One of the most famous scenes from “I Love Lucy” starts in a vat of grapes with an iconic redhead slowly (and uncomfortably) stepping in for the first time. What starts with looks of disgust turns into jovial dancing and stomping, as Lucy Ricardo helps make juice for wine. In typical slapstick comedy fashion, it ends with a grape fight when Lucy’s mentor won’t let her rest. It’s the scene Kreashenz Salon and Spa owner Jacey Rogers had in mind when she introduced the first “grape stomp for cancer,” also known as Kreashenz Krush, to Wilmington.
Rogers started Kreashenz Krush almost four years ago with a fun idea to incorporate an “I Love Lucy”-inspired grape stomp and other family-friendly activities into a day of fun and charity. She chose the Jedrey Family Foundation as the ongoing beneficiary.
“The mission of the Jedrey Family Foundation is to help ease the financial burden of cancer patients,” she explains, “who are experiencing difficulties in paying their medical bills or other essentials and obligations they may have.”
The Jedrey Foundation started with a small golf tournament, “The Jedrey Open,” by the family’s patriarch Dan “Clean Dan” Jedrey back in 1994. Jedrey continued to expand the tournament and other fundraising efforts to help support cancer patients and their families in need. Though “Clean Dan” passed away in February 2001, the foundation continues to hold events in honor of his mission to help others. The Jedrey Family Foundation’s purpose hits close to home for Rogers.
“My son and Jen Jedrey actually played sports [together] for a long time,” she explains. “After a close friend went through tough times while having treatments, it gave me comfort to know that if needed my children or anyone that is local would have this foundation to help and support any types of cancer someone may have.”
This year’s Krush will be at Kreashenz Salon (3145 Wrightsville Ave.) on Saturday, Sept. 10, from 1 p.m. – 6 p.m. Aside from food, music, local artists, and craftsmen, the day is filled with activities and friendly competition. Between an obstacle course, traditional cornhole tournament (1:30 p.m., $25), and the “Minute to Win It” grape stomp (2:30 p.m. – 4:30 p.m.), folks have many opportunities to win prizes while contributing to a cause.
encore spoke with Rogers to learn more about her connection to the Jedry Foundation, her love for Lucy and this year’s Krush.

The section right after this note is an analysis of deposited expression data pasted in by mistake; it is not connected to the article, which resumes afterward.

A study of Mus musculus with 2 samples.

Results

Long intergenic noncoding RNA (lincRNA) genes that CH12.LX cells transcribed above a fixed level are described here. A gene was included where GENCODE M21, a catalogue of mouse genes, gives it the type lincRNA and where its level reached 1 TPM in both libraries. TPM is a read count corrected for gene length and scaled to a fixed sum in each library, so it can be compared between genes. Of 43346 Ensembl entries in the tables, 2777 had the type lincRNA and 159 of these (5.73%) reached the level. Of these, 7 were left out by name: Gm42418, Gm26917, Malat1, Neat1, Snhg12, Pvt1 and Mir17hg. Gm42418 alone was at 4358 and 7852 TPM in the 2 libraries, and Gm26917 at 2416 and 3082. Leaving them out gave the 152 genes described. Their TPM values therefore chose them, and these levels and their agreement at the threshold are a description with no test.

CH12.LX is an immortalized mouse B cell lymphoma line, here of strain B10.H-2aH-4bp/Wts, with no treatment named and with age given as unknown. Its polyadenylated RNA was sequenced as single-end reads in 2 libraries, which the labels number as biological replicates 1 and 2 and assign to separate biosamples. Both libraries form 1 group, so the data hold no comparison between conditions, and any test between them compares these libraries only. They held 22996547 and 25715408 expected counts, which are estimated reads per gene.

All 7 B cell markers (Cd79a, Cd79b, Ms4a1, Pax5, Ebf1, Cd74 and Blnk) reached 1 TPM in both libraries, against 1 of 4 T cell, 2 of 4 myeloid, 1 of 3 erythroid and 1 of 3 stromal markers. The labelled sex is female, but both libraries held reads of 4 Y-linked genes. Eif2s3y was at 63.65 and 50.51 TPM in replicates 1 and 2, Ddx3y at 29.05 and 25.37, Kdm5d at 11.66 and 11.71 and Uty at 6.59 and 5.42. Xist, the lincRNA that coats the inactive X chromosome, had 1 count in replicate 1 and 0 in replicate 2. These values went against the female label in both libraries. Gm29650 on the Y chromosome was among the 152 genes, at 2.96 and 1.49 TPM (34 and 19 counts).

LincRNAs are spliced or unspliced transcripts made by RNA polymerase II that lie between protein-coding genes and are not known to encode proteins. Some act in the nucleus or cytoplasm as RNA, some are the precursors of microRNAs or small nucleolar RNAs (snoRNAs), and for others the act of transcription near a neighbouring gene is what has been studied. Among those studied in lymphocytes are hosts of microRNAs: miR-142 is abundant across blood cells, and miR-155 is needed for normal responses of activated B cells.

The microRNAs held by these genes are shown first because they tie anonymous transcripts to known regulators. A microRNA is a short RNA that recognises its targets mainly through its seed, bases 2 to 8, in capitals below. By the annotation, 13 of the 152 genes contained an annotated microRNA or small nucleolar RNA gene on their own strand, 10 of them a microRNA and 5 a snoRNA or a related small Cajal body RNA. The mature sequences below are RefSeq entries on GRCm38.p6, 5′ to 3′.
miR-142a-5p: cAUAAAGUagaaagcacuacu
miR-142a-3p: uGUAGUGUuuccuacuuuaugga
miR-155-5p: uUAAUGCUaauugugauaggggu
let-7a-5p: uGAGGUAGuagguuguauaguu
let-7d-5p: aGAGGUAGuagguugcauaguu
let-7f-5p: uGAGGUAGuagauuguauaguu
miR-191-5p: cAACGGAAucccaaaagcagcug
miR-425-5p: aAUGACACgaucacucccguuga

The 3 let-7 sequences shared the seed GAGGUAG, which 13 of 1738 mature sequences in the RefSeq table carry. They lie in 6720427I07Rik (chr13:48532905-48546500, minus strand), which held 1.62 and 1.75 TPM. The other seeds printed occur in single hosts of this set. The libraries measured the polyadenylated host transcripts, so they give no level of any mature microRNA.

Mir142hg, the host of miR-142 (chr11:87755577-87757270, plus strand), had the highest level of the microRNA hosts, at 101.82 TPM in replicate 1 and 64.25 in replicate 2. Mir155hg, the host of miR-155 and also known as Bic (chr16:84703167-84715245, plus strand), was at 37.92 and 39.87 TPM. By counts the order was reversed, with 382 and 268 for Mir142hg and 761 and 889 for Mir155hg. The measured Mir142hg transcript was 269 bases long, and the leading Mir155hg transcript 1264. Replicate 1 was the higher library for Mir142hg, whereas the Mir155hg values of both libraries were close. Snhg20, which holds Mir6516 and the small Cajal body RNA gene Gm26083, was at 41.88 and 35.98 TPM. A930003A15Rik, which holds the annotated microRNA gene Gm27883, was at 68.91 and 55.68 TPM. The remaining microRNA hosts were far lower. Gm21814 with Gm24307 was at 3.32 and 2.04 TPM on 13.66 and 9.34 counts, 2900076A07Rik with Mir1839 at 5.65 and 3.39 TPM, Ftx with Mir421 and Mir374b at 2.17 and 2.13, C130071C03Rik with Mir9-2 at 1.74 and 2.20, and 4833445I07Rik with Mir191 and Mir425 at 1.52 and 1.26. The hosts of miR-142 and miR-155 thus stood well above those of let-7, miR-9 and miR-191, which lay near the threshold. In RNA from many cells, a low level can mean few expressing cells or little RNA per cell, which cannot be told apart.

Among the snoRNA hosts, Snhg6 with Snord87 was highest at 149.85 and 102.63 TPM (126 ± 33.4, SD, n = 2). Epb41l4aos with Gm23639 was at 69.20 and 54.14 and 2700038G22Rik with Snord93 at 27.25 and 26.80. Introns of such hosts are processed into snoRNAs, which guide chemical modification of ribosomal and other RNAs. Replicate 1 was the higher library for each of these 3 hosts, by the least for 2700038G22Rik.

encore (s): On average how much money does Krush raise for the foundation, and what’s your average attendance?
Jacey Rogers (JR): Over the past three years of joining with this foundation, we have raised $9,500 and about 200 [people participate]. . . we hope for more with longer hours this year.
e: Why a grape stomp?
JR: I started the event when I opened my salon and spa. I wanted to do something for others than just [market] my new business. My mother went through cancer, and I know everyone has had someone they love or know that has dealt with cancer. So my mother and I have always loved the [grape-stomping] episode [of] “I Love Lucy.” I thought Wilmington hasn’t ever had one—yes, Duplin does theirs, but not here locally—so why not? It’s fun, it would grow (which it has), raise money, and work with only other local businesses—that’s what keeps this great town the way it is!
e: Can you tell readers more about the grape-stomping aspect of the day? What they’re expected to do, what it feels like, etc.
JR: Well, I can’t reveal the games for the Minute to Win It, [but] there will be five different tasks to do that will end in one person stomping, while another team member pushes the grape hulls around to insure flow of juice. Whichever team fills juice to the line first and takes the best time moves to bracket placement. There will be first-, second- and third- place prizes.
e: Since this is your fourth year, is there anything new or different you’re trying for 2016’s event?
JR: A ton! We have partnered with Cape Fear Sports this year for lots of creativity! Also, we have added food trucks, craft beers, two bands instead of one, including Stoney Creek (which played at our very first one) at 1 p.m. – 3 p.m., and Trifecta from 3 p.m. – 6 p.m. There are more vendors with artwork, jewelry, designer clothes, and custom wood tables.
Yehmon 51 will be serving up wings, chicken wraps and ribs that he starts smoking at 6:30 a.m. and will have hot dogs for kids as well. Smart Smoothie is amazing! He will be doing nutritious cold smoothies, and also have icies for the kids!
e: What are some of the prizes and items in the swag bags?
JR: There will be gift certificates to local restaurants, koozies, shirts, salon gifts, and so much more.
e: Do you actually get to have fun at these things or is your “event organizer” hat always on?
JR: [laughs] This year I will make it a point to enjoy it for once! But, yes, I always have my work hat on. I have had more help this year and volunteers as well; without them, this would not be possible!
e: Is there anything else you’d like to add?
JR: I always love telling this story: In our second year, there was a family with a young boy that walked up due to hearing the music and curiosity. They didn’t have tickets, so after Jen was showing and explaining the entrance I saw the mom hug her. Wondered what in the world … Her son was battling Leukemia and was in remission, and that the Jedrey Foundation had helped with her son’s medical bills. She was so grateful. I still get goose bumps when I tell it. That is why I continue to do this. I’m a little tired, crazed, stressed, but at the end of it all we are helping a young, middle-aged, or mature-aged locals have their spirits lifted and know it will all be OK!